Velocity down, Henderson exits big league camp

Former closer will continue to pitch at Minor League camp

Velocity down, Henderson exits big league camp

PHOENIX -- Jim Henderson's slow comeback from shoulder surgery will continue in the Brewers' Minor League camp.

Without immediately making a formal roster move, the team on Thursday removed its former closer from big league camp and sent him across the parking lot at Maryvale Baseball Park, where Henderson will seek to reclaim lost velocity amid the more informal Minor League environment. Since having surgery last August to remove bone spurs and repair a frayed rotator cuff and labrum, Henderson's fastball velocity has been 5-10 mph lower than its peak two years ago.

"We'll have some clarity here shortly," assistant GM Gord Ash said. "We're just kind of in a grey area here."

Henderson passed an entry physical at the start of Spring Training, has said repeatedly this spring he feels healthy and strong, and owns a 2.25 ERA in four Cactus League appearances, with three hits, one walk and three strikeouts in four innings.

But after averaging 95.3 mph and routinely hitting 96-98 mph with his fastball in 2013, when Henderson spent most of the season in the closer's role, he was mostly at 88-89 mph this spring. In his most recent outing on Wednesday, Henderson touched 90 mph only once while pitching a 1-2-3 inning against the Royals.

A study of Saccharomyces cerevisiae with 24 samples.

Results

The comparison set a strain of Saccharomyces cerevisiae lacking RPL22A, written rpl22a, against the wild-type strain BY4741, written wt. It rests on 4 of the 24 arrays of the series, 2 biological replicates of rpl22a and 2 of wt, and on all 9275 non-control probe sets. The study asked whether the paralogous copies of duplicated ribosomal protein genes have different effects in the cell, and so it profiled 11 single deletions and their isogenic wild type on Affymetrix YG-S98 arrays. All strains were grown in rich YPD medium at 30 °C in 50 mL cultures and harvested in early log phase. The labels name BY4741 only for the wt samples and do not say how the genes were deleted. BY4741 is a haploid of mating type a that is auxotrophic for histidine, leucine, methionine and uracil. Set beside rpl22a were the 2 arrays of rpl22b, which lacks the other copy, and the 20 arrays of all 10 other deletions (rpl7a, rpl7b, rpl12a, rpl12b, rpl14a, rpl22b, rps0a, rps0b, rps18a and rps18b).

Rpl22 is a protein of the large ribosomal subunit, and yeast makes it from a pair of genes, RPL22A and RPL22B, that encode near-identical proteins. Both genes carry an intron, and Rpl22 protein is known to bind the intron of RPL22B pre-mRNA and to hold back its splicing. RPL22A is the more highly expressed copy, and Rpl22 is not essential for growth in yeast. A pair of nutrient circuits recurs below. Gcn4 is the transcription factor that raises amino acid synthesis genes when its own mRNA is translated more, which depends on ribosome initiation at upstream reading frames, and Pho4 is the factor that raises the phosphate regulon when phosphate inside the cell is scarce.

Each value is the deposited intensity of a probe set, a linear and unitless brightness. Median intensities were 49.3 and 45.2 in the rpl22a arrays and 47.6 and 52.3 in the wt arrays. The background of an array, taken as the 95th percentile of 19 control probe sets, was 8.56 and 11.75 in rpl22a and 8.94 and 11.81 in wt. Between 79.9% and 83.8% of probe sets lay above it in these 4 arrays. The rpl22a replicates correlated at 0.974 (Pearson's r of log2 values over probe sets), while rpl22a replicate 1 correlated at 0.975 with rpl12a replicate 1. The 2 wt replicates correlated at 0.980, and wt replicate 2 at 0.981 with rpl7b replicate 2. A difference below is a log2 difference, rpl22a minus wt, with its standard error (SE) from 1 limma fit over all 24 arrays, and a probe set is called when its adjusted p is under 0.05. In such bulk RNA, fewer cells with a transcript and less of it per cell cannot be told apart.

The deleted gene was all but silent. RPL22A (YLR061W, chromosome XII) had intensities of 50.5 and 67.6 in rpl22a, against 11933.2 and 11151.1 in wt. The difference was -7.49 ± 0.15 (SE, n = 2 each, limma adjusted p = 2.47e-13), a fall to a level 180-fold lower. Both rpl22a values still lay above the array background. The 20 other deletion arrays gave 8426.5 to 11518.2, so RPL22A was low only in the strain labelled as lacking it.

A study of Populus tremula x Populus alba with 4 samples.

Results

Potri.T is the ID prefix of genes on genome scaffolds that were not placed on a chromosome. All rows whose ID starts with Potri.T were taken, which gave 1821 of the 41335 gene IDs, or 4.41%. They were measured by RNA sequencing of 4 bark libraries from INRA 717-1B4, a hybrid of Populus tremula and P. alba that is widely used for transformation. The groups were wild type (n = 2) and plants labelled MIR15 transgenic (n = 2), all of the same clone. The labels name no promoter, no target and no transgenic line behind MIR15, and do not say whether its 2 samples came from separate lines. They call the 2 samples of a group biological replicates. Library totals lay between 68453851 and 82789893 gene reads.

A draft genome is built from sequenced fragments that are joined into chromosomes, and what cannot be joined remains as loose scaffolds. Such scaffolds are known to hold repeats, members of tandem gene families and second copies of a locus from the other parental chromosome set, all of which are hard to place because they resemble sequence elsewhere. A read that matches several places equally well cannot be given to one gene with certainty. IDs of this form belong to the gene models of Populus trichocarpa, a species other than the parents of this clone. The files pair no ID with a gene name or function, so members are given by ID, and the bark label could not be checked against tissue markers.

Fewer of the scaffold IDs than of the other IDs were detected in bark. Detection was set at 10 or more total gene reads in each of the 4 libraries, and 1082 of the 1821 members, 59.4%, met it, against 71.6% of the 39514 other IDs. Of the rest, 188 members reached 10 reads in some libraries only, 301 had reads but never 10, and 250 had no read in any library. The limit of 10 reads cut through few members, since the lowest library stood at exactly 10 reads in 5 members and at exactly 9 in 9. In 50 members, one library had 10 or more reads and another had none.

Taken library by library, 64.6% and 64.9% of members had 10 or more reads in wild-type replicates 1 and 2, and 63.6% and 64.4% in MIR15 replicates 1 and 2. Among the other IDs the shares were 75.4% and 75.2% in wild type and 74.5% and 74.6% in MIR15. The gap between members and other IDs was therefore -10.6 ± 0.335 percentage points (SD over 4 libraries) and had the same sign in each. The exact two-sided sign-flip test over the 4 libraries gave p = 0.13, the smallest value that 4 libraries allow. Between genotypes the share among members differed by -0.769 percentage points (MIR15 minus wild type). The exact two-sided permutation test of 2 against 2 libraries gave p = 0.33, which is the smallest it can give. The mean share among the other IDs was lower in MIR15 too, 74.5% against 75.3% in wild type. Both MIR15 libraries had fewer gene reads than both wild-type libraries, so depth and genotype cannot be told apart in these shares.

He has a full complement of Minor League options remaining.

Sending him to the Minor League side was in part a matter of innings.

"As we're winding down camp here, the guys that you know are going to be on the club need to get their innings, and it becomes a reduced opportunity," Ash said. "If you're over there [in Minor League camp], you can pitch all the time."

"We'll see if we can get him going," manager Ron Roenicke said, "and bring back that stuff good enough to pitch up with us. … I think the big thing with him when we talked to him [Thursday] is getting back and getting healthy and feeling good, like you can go out there and get out Major League hitters. That's the thing when you have surgery, getting back to where you know you can get people out."

The fact Henderson was finding some success at reduced velocity was encouraging, said Roenicke, who suggested Henderson may have to embrace a new style.

"We talk about velocity a lot, but a guy doesn't have to get back to that velocity if he makes pitches," Roenicke said. "There's a lot of guys in our clubhouse who throw 90-91 [mph] and get people out."

Adam McCalvy is a reporter for Read his blog, Brew Beat, and follow him on Twitter at @AdamMcCalvy. This story was not subject to the approval of Major League Baseball or its clubs.